The New York Public Service Commission (New York PSC) has approved the transfer of customer utility data to a third-party vendor without prior customer consent for the purpose of conducting energy efficiency programs. The New York PSC's order last month reversed an earlier ruling in which it approved the use of energy efficiency behavior modification programs administered by OPower for Central Hudson Gas & Electric Corporation (Central Hudson), but required that Central Hudson receive prior individual customer consent to the use of their customer usage data in the programs.

OPower's energy efficiency programs aim to incentivize utility customers by sending them personalized reports comparing their energy usage to those of similarly situated customers. OPower argued that the design requires access to personally identifiable customer information including names, addresses, and individual customer usage data and does not provide customers an opportunity to grant informed consent prior to the transfer of their personal information from the utility to OPower. After receiving the information and notifying those program participants who will receive the reports, the participants will have the opportunity to “opt-out” from receiving the reports. However, their data will already have been transferred to OPower and will continue to be used in the energy efficiency program.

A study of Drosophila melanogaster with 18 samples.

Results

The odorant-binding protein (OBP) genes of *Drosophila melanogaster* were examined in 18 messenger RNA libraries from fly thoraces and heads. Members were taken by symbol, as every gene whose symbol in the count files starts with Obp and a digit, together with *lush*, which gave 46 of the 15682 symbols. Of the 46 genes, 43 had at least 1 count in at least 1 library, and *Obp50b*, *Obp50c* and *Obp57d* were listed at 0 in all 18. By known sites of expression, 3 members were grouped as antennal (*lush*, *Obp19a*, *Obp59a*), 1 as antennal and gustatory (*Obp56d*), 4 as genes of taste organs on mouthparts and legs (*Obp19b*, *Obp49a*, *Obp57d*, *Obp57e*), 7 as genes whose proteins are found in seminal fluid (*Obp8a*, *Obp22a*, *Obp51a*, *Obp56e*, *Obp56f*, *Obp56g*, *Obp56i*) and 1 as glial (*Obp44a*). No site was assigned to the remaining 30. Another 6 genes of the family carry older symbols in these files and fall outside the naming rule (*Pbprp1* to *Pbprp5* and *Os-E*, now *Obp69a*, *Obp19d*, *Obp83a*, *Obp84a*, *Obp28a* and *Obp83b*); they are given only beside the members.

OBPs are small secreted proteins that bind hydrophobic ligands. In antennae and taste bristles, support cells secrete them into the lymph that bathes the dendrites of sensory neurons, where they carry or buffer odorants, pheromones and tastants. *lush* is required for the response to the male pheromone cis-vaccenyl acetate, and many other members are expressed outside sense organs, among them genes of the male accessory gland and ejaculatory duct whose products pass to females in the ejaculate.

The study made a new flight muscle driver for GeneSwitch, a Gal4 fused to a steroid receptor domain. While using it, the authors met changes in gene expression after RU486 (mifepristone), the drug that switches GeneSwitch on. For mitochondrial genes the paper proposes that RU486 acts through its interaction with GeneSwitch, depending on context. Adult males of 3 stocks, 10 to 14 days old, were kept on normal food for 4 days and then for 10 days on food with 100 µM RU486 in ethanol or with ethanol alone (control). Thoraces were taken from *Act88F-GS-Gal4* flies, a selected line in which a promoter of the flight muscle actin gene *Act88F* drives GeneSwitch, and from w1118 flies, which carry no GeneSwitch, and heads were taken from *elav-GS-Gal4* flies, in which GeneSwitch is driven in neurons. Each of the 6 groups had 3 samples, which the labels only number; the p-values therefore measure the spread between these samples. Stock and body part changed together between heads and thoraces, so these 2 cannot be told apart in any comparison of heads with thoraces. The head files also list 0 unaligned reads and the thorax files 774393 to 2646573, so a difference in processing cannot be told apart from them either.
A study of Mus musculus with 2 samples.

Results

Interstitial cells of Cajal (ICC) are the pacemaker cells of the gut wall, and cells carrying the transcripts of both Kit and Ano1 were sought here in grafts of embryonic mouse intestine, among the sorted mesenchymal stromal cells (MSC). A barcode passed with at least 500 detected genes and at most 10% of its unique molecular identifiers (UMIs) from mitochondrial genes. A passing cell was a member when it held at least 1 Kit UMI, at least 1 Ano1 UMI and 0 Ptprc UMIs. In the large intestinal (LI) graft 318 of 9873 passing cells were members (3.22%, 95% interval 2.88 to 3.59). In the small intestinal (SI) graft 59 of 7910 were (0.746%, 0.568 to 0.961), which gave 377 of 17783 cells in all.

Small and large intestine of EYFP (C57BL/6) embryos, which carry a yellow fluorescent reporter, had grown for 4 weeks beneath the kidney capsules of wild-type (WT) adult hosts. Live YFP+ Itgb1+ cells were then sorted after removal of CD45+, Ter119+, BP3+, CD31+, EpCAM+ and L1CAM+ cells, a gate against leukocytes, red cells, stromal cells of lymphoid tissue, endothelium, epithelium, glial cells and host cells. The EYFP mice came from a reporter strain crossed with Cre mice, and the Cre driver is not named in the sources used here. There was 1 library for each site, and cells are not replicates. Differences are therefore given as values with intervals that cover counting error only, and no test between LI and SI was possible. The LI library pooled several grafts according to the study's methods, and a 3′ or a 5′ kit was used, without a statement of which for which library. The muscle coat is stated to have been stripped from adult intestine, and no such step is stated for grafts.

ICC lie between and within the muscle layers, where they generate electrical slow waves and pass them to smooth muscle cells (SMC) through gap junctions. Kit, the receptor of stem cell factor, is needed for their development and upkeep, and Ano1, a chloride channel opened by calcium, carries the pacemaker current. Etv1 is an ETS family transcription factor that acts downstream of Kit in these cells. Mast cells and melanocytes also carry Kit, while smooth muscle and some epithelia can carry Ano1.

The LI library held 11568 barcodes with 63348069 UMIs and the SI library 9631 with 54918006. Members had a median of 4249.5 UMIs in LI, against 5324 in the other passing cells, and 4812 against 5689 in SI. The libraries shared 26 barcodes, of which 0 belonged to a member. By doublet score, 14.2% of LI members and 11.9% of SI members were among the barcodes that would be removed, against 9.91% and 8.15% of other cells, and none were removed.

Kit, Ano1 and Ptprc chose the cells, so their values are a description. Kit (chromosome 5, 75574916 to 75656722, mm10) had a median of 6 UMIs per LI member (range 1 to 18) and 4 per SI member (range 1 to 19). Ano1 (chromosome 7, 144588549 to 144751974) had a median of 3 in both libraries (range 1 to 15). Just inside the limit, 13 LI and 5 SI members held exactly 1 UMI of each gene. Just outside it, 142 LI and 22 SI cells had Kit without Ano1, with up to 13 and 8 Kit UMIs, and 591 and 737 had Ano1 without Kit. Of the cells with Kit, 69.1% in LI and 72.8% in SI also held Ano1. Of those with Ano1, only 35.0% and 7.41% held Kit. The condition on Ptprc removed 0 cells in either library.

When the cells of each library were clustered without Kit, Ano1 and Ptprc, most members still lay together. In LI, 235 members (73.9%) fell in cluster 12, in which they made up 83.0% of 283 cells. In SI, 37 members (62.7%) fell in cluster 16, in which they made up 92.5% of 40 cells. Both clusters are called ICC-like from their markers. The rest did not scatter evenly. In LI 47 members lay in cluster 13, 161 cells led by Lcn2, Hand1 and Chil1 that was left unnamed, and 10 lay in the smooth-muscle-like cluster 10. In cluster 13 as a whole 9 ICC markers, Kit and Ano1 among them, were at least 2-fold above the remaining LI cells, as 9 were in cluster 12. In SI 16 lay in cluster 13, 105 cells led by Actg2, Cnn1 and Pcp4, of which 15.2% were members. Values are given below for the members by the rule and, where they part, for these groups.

Many jurisdictions require that customer data not be shared with third parties unless the customer has consented in advance. The New York PSC nevertheless approved the data sharing with OPower, concluding 1) that the contractual privacy obligations between the utilities and OPower were sufficient to protect customer privacy interests; 2) that providing customer data to OPower did not constitute a "sale" of customer data under New York law; 3) that OPower will be using the customer data solely for the use of administering the energy efficiency programs, which the New York PSC viewed and a rate-payer-funded utility function; and 4) that the customer data was necessary to successfully implement the energy efficiency programs.

The issue of third-party access to customer utility data is hotly debated, particularly in light of the evolution of the smart grid and smart meter programs. It remains to be seen whether other jurisdictions will adopt the position of the New York PSC on this issue.